Silence can be golden

In many business instances, it is vital to keep your mouth shut. There is just no polite way to say it, as it is that simple and that important. Unfortunately, discretion is often not observed, generally with terrible results.

While there are many situations that demand discretion, let me visit just two. The first is when you and the other party(ies) in a proposed deal agree that confidentiality is to be formally invoked. Whether the agreement is called an NDA (nondisclosure agreement) or CA (confidentiality agreement), it basically says that the parties agree that certain things one party is providing the other are sensitive and are to be shared with no one else. At times, even the fact that there is a confidentiality agreement is considered confidential.

There are as many different NDAs as there are companies and lawyers, but all basically say the same thing – you will keep your mouth shut. Most NDAs are “boiler plate”, but even some of these boiler-plate agreements can be quite onerous, so if you have any questions about an NDA, consult with your lawyer.

If you break a confidentiality agreement, besides legal ramifications, you could also harm, or kill, a potential deal. If you agree to keep things in confidence, you must keep them in confidence. This is absolute. You cannot tell your best friend, parents, spouse, kids or anyone else, even if you first tell them that this is really “hush hush” information and not to be repeated to anyone. If you told, then why shouldn’t your confidant share the same information on a “hush hush” basis? Just don’t tell anyone!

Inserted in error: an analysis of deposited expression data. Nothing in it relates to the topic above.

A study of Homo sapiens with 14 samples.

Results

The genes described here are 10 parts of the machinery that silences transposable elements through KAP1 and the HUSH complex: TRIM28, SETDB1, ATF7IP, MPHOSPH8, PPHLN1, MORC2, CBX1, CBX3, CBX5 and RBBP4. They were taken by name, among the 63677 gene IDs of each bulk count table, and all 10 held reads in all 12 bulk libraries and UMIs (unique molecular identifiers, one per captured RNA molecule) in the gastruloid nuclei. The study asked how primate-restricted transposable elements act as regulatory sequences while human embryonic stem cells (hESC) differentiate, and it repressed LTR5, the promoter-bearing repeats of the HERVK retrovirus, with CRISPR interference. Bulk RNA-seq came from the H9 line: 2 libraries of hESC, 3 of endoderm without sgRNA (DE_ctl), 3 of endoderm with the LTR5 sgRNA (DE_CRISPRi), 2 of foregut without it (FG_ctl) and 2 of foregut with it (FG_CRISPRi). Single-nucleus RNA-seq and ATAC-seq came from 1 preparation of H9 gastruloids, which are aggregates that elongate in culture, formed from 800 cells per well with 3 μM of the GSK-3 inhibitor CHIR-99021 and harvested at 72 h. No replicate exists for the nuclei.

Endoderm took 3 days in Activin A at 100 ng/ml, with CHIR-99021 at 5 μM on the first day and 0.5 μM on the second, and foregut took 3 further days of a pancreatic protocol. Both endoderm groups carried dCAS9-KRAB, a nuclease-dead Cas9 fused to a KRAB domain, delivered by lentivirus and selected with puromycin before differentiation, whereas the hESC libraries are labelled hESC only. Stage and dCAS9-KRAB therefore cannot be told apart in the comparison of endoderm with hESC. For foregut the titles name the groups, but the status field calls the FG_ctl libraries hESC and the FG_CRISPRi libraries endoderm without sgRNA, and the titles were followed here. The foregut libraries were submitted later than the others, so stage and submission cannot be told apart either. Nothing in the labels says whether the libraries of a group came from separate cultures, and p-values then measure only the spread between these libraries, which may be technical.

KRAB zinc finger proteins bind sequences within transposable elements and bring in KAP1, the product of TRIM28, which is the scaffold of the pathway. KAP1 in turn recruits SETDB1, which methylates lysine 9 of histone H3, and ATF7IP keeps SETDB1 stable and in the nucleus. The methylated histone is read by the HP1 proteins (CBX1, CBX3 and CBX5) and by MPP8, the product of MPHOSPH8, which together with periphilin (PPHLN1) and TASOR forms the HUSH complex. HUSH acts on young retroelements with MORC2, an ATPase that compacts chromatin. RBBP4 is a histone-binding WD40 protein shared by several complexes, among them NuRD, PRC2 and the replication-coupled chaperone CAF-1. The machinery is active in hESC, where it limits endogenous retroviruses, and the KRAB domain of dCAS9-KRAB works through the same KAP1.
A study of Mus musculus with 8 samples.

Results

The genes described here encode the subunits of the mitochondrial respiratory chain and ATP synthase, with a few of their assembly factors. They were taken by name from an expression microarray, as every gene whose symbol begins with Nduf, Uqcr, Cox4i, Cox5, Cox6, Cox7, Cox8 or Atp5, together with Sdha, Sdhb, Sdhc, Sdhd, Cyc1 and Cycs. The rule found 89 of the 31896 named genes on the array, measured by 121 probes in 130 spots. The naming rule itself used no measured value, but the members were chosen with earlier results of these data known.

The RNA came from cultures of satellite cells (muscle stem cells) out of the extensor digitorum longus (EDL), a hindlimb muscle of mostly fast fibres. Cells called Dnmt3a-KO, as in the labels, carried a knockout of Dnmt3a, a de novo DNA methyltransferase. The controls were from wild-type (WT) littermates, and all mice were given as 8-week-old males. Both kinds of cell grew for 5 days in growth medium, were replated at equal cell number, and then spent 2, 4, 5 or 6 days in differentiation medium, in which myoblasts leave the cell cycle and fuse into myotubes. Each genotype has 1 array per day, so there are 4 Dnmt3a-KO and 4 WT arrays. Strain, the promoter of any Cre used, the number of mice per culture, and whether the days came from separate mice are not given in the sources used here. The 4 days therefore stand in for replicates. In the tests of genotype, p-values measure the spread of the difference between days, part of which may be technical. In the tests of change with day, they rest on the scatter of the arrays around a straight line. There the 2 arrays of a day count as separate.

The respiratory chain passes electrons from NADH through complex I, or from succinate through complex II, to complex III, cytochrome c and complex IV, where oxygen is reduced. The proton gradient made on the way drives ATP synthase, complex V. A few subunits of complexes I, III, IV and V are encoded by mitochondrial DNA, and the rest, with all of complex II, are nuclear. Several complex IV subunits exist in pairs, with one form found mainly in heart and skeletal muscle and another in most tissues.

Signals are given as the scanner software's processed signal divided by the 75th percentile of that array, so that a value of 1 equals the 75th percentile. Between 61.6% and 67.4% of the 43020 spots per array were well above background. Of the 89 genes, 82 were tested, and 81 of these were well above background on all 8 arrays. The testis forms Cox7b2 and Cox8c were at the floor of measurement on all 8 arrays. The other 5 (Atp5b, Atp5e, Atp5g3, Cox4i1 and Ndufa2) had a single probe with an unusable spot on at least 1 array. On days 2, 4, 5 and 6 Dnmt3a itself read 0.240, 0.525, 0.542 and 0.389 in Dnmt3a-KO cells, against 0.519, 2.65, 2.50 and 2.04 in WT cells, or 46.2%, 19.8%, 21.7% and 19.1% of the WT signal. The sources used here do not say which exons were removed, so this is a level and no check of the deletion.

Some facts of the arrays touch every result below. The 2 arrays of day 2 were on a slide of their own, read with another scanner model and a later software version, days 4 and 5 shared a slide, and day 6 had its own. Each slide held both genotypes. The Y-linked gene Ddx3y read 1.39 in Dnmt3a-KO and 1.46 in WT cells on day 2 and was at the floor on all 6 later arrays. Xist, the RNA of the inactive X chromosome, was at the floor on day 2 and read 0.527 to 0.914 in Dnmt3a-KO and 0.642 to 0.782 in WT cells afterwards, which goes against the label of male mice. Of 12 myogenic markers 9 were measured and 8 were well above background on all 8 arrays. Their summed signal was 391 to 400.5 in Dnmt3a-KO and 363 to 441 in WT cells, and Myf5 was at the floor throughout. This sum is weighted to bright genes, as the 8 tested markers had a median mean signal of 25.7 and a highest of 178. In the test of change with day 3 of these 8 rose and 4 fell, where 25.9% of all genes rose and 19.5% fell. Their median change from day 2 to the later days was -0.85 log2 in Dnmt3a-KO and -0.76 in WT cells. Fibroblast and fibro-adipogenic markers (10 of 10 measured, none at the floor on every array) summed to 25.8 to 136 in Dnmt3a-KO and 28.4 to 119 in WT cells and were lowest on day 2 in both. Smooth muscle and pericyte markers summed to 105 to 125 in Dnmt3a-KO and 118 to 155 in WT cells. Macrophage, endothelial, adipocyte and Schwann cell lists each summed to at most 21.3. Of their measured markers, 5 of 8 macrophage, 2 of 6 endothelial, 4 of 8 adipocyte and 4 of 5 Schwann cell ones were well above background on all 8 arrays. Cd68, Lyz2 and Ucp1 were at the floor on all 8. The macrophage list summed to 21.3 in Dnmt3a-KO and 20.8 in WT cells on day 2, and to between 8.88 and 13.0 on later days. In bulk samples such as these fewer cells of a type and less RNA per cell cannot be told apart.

A second situation where discretion is imperitave is when you have important information that you want to share with people who don’t need to know. You might be busting your buttons with pride and excitement over a development, but before you tell anyone, think about what they need to know. If they don’t absolutely have to know, don’t tell them. If you find that you “just have to share good news,” couch what you say very carefully, without naming names and certainly without mentioning terms.

The old war-time saying of “loose lips sink ships” is applicable to deals as well. Just keep your mouth shut. Smiling, however, is allowed.